Australian officials are looking to lock in a better trading relationship with China as sanctions hurt local industries.
Assistant Trade Minister Tim Ayres and China's Vice Minister of Commerce Wang Shouwen met on the sidelines of the World Economic Forum's annual meeting and paved the way for higher-level talks.
Australian Trade Minister Don Farrell and Chinese Commerce Minister Wang Wentao are due to meet via video link.
Senator Ayres raised the removal of Chinese trade restrictions affecting Australia, saying exports to China were in both countries' best interests.
China is Australia's biggest trading partner, accounting for one-third of the nation's trade and exports nearing $200 billion in 2020/21.
But the trading relationship soured under the former government when then prime minister Scott Morrison called for an inquiry into the origins of COVID-19.
The sanctions particularly impacted Australia's barley growers, beef and lobster farmers, and wine producers.
The National Farmers Federation is hopeful the government can reach an agreement with China for improved access, with farmers exporting more than 70 per cent of what they grow.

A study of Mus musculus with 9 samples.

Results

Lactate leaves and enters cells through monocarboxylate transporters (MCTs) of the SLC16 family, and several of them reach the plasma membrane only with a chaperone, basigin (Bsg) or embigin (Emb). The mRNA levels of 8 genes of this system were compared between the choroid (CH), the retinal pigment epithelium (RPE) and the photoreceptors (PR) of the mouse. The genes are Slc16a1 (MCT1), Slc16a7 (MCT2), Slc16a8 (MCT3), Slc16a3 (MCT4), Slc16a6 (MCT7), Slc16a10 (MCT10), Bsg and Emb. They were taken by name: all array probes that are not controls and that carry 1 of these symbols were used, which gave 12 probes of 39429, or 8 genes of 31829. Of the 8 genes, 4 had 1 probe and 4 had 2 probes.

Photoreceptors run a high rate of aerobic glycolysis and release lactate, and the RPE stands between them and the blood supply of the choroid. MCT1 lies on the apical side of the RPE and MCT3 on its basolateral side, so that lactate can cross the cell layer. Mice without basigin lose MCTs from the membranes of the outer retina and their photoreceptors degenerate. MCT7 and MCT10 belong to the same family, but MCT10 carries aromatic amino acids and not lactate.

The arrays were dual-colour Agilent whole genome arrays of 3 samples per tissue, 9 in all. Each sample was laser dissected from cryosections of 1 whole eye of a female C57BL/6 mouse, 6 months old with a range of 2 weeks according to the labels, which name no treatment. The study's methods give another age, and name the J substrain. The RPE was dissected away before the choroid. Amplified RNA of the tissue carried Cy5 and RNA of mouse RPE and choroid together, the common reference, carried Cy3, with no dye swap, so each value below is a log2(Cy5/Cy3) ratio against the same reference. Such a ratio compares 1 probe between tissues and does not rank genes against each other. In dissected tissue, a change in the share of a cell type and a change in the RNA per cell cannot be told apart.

"The Chinese market currently takes about a third of our farm exports, so any improved access would be very welcome," acting chief executive Charlie Thomas told AAP.
Agriculture Minister Murray Watt said while there was no official word from Beijing on dropping sanctions, there were encouraging signs including renewed Chinese interest in Australian lobsters.
Senator Watt is in Europe to progress trade talks with the European Union, with Canberra locked in a high-stakes food fight with Europe over locally produced Prosecco and feta cheese.
The minister is digging in over the rights to use geographical indicators on Australian goods.
But securing a deal might prove tough work, with Europe indicating it's a "red-line" issue.
"I've been speaking to a number of European agriculture ministers and they've raised that with me ... it's certainly a concern to them," Senator Watt said.
The minister said the labels meant a lot to Australian producers.
"You've probably seen stories about European migrants to Australia who brought Prosecco wine vines with them and have been manufacturing those sorts of products for a long time under that name," he said.
Senator Watt said Australia would keep fighting to use the terms while also seeking to secure a trade deal that would bring other benefits for products such as beef, sheep, nuts and dairy.
He said Australia's free trade agreement with the UK could still come into effect in the first quarter of this year, despite Britain's leadership chaos delaying the ratification of the deal.